But whilst the history of our national sport did not begin with the Premier League, it changed it irrevocably. The consequences are arguably having more impact now, threatening more devastation in conjunction with the coronavirus, than at any time since May 27, 1992.
Just looking at the clubs who resigned from the Football League that day tells a story. Leeds United had just won the title with an English manager, two things that have not happened since.
One win behind second-placed Manchester United were Sheffield Wednesday, who have not played top-flight football for two decades.
Sheffield United were ninth, directly behind former European Cup winners Nottingham Forest and ahead of Wimbledon (RIP), Oldham Athletic, now of League Two, and League One Coventry City. Chelsea were 14th, Tottenham Hotspur 15th in the 22-team top division. Middlesbrough had won promotion.
The FA Premier League, we were told, was a mechanism to improve the England team, popular again after a World Cup which did so much to make the game fashionable after a couple of decades scarred by hooliganism and disaster.
Backed by the Football Association’s ‘Blueprint for Football’, the idea was for an 18-team league with a mid-season break. The latter arrived in the most cack-handed way this winter, but we are still waiting for the former. That then-England manager Graham Taylor was never consulted probably tells you everything.
Leeds are now coached by an Argentinian and owned by an Italian, and even Barnsley have American owners and an Austrian coach. English players are in a minority in the Premier League and the Sheffield clubs’ English managers report to owners in Saudi Arabia (United) and Thailand (Wednesday).
What the Premier League was really down to was money.
In 1968, even before Don Revie won Leeds’s first title, Sir Norman Chester’s committee produced a Parliamentary report into football which noted the unhappiness of the biggest clubs at “subsidising” the rest. He mentioned it again in a 1983 investigation, this time for the Football League.
Later that year, it was decided home clubs could keep all their gate money, previously shared with the opposition, from league games. In 1985, Division One was granted half the television money.
They wanted more.
In October, 1990, the chairmen of the ‘Big Five’ of the day – Arsenal, Manchester United, Tottenham Hotspur, Liverpool and Everton – met at the offices of London Weekend Television. They were unhappy that in league meetings First Division clubs got 1.5 votes each, whilst Division Two clubs had a vote and Divisions Three and Four eight between them. The wealth generators were being dictated to by the hoi polloi.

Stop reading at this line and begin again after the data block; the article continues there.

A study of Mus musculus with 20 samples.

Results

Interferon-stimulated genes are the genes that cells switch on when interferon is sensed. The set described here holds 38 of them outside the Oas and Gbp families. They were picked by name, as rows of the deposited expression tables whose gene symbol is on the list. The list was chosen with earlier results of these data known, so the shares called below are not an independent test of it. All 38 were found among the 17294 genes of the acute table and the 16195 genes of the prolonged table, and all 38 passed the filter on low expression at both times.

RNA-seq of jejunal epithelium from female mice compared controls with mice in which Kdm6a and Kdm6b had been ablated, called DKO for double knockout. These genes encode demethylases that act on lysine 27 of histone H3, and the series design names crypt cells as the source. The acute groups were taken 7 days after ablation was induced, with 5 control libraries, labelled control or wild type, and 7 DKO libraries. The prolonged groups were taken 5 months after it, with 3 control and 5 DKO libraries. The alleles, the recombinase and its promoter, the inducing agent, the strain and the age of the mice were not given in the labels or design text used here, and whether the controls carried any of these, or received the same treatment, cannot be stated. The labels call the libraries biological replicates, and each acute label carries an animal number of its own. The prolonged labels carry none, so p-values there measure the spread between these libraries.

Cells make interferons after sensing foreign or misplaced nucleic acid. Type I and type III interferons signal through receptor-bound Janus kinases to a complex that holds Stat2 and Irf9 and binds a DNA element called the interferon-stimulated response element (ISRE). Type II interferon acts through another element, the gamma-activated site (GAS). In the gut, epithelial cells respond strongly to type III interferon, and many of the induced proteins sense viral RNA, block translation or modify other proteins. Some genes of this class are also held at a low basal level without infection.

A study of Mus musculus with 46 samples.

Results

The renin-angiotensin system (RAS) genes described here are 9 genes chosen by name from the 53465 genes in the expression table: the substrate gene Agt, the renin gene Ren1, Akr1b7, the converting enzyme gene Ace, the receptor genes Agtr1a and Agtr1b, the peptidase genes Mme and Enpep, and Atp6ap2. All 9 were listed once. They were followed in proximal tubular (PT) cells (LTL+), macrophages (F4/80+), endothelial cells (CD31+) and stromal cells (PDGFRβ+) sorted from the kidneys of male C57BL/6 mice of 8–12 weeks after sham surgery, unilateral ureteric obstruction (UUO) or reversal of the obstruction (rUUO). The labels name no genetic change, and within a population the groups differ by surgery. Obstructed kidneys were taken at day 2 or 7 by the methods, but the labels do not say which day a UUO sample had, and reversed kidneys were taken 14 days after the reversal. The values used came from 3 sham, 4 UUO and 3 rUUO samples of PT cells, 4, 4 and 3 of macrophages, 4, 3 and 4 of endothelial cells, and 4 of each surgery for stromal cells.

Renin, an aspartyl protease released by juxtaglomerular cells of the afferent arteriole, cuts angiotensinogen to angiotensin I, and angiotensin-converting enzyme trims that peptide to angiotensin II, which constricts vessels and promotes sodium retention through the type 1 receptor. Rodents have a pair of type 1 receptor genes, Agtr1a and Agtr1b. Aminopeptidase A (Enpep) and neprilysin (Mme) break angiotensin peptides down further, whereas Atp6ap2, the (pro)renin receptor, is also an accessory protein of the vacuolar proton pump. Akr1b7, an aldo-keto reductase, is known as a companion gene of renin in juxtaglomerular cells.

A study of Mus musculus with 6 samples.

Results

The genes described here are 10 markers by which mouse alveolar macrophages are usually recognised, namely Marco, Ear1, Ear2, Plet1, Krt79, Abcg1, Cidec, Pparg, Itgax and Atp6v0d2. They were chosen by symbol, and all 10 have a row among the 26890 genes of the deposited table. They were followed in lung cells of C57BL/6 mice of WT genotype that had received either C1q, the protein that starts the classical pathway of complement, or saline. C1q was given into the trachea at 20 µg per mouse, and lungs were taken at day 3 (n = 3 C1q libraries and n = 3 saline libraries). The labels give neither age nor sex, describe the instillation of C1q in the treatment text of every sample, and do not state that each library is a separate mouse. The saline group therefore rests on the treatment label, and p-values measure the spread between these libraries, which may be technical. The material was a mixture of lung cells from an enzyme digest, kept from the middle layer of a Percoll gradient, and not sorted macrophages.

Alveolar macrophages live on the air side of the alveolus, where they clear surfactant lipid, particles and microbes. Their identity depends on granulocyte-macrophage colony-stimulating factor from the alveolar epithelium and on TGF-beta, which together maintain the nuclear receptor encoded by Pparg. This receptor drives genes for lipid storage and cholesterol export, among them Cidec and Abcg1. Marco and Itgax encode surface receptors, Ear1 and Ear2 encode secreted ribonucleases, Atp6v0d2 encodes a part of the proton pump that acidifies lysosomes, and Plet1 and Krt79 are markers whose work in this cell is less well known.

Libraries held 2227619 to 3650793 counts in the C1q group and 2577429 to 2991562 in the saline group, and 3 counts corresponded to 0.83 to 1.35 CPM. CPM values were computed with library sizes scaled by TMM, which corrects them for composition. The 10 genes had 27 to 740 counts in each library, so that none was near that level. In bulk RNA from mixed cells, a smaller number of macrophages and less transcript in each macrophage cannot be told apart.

The FA gave its approval on April 5, 1991, and on June 13 the 22 First Division clubs signed a ‘Founder Members Agreement’ which gave them the ‘golden share’ they can use to block attempts to prevent relegation this summer. Although the FA’s name was above the door until 2007 they were content to leave it to the clubs.
“Here was an opportunity to be there at the beginning, to put their authority into it – and they didn’t do it,” reflected Greg Dyke, then chairman of LWT and head of ITV Sport who set the ball rolling and later became FA chairman. “They were not visionaries in any way.”
Having struck a £6m joint deal with the BBC in 1986, Dyke’s ITV pushed them out of the picture two years later with a £44m, four-year offer, and planned to win the rights for the inaugural Premier League. With sympathetic chairmen on both sides breaking the rules to inform the companies what their rivals were offering, when bidding closed at midnight on May 17, 1992, BSkyB’s was the highest.
The new contract was worth £35.5m for 60 games, with overseas broadcasters paid to show matches by the unsponsored league. In 1996, the domestic TV deal increased to £743m and now it is worth around £1.66bn a year from Sky and BT, £1.4bn from overseas broadcasters. Where 14m watched the 1989 title decider between Liverpool and Arsenal, Manchester City’s November trip to Anfield was seen by an average 3.36m, Sky’s third most-viewed Premier League game.
The sport became just as inaccessible for match-going fans. Those that watched Sheffield’s 1989 FA Cup semi-final from the terraces paid £6 for their tickets.
Three decades ago, football was emerging from its dark ages, shaken from fatal complacency by horrific tragedies at Valley Parade, Hillsborough and beyond. Almost every stadium in the country is unrecognisable from the decaying edifices Leeds won their last title in front of.
The sophisticated play is a world away from the kick-and-rush which largely held sway in the 1980s – a decade where, thanks mainly to England’s post-Heysel ban, its top players were attracted abroad, even to Scotland.
The biggest losers have been the left-behind Football League clubs wondering how long they can survive shut away by the coronavirus pandemic.
In 1995, the Premier League offered to negotiate TV rights jointly, the bottom three divisions taking a 20 per cent cut. Apparently, 71 of the 72 clubs were in favour but the Football League board pig-headedly decided they could do better, striking a £25m a season, now up to £119m.
The top division clubs now keep 93 per cent of their TV deal once parachute payments to former members who have had the misfortune to be relegated are discounted.
Now, unless the Premier League volunteers a bigger share of its spoils, a decision finalised in 1992 could claim a huge swathe of victims about 28 years later than many feared.